Players' body acts on contract and transfer reforms

The Professional Footballer's Association is discussing a wide range of player workplace issues with the Football Federation Australia, players' agents and players' commercial advisors. With a mandate from FIFPro to assist in the establishment of players' organisations throughout the Asian Football Confederation, many of the topics can be expected to be soon raised in Asia's football federations, associations and leagues.

Pertinant issues include the regulations and commercial terms for the Asian Champions League (regarding the contracting of players, prize money and any salary cap treatment), the reform of the activities of players' agents in England following the comprehensive review of agents activities in England by The Football Association; and the need for close communications between all professional football stakeholders and their representatives.

As a member of FIFPro the PFA is in agreement with the world football body FIFA's commitment to social dialogue throughout the football world and the concept of parity in the constitution of football’s arbitral bodies. The minimum requirements for contracts for European footballers agreed between FIFPro and UEFA and referred to in the December Memorandum of Understanding between FIFA and FIFPro are likely to be widely distributed and discussed in Asia.

In Australia, the PFA is focussed on securing a new collective bargaining agreement with Football Federation Australia for the Socceroos and to introduce one for the A-League's third season. FFA is believed to have "agreed to open negotiations in March."

Matters the PFA believes should be covered by such an agreement includes

• injury payments;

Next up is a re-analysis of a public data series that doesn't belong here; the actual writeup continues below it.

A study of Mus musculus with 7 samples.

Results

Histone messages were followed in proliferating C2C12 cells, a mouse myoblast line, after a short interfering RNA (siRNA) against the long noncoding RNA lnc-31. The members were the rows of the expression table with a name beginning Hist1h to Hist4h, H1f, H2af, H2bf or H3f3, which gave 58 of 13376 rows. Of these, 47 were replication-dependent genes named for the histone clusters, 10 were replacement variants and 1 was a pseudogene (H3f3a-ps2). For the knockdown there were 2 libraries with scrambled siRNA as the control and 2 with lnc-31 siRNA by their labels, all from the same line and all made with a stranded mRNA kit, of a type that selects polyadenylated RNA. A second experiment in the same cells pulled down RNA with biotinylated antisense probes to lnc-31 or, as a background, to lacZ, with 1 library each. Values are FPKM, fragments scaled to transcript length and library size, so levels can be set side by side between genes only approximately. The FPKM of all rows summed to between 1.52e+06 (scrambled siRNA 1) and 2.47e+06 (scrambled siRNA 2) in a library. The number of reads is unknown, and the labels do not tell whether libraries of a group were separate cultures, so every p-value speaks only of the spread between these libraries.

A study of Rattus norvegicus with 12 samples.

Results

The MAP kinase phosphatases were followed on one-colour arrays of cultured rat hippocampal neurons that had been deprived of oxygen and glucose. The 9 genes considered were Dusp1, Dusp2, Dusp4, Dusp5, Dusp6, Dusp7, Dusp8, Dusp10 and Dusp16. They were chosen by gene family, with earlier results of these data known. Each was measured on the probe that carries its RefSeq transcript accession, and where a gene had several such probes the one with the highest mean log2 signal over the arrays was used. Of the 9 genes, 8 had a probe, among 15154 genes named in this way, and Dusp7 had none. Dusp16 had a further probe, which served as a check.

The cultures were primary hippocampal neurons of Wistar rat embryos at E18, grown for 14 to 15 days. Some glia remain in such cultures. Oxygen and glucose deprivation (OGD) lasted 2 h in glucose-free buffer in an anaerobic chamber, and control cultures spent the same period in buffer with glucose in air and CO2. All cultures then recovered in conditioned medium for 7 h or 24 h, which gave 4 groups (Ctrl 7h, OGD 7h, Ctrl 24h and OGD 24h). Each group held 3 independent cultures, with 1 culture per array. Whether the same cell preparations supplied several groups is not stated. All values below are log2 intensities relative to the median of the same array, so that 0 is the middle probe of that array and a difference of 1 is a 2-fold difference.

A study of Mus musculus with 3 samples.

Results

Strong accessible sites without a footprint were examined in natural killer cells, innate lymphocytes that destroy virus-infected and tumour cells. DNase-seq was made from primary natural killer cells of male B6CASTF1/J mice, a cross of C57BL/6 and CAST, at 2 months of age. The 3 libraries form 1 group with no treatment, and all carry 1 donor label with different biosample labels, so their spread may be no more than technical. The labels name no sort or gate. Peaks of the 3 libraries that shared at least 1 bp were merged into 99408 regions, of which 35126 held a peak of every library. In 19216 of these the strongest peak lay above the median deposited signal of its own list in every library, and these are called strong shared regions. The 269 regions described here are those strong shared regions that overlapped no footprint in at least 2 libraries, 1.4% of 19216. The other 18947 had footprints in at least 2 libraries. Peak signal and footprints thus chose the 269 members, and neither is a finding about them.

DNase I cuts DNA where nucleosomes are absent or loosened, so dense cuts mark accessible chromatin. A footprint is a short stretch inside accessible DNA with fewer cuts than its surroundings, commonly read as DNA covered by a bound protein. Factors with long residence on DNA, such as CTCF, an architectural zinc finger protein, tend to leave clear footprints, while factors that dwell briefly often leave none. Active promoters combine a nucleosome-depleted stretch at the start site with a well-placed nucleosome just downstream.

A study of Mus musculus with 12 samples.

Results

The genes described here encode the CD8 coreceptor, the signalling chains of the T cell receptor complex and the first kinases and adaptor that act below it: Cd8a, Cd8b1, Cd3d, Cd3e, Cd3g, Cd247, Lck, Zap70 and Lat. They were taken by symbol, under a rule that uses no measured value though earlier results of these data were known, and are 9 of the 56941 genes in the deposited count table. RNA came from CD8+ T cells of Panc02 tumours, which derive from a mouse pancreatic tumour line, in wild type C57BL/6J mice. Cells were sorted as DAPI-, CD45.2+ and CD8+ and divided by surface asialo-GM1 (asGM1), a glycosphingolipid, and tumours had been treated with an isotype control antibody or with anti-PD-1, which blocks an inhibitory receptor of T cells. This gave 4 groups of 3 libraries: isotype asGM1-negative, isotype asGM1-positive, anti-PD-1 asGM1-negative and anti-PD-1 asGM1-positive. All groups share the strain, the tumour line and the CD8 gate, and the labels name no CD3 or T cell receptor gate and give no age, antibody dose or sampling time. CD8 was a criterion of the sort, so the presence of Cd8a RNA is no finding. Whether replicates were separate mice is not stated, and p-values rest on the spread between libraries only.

• insurance for players from loss of football earnings, both from causes within and beyond the game;
• clauses in the standard player contract that seek to limit or exclude the liability of FFA or a club to a player, and prevent the player from seeking redress in court;
• security for player payments in the event of a change in the ownership or licensing arrangements between FFA and a club;
• the terms of the contract regarding the national team commitments of players, which go beyond the FIFA Regulations;
• minimum wage and minimum match payment;
• clubs being free to offer “training contracts” to players which are beyond the scope of the regulations;
• regulatory requirements of FFA, including the “ridiculous” regulations regarding the position of players to be replaced;
• short-term contracts, their compliance with FIFA regulations and their relationship with transfer windows;
• code of conduct;
• image rights; and
• if a second tier is to be established, the terms of employment of players and the governing regulatory framework.

The PFA also believes the Australian operation of the transfer system requires close review and is taking the issue up both with FFA and FIFA (through FIFPro). A key priority in the negotiations will be to secure adequate funding for the education, hardship and retirement programs for players.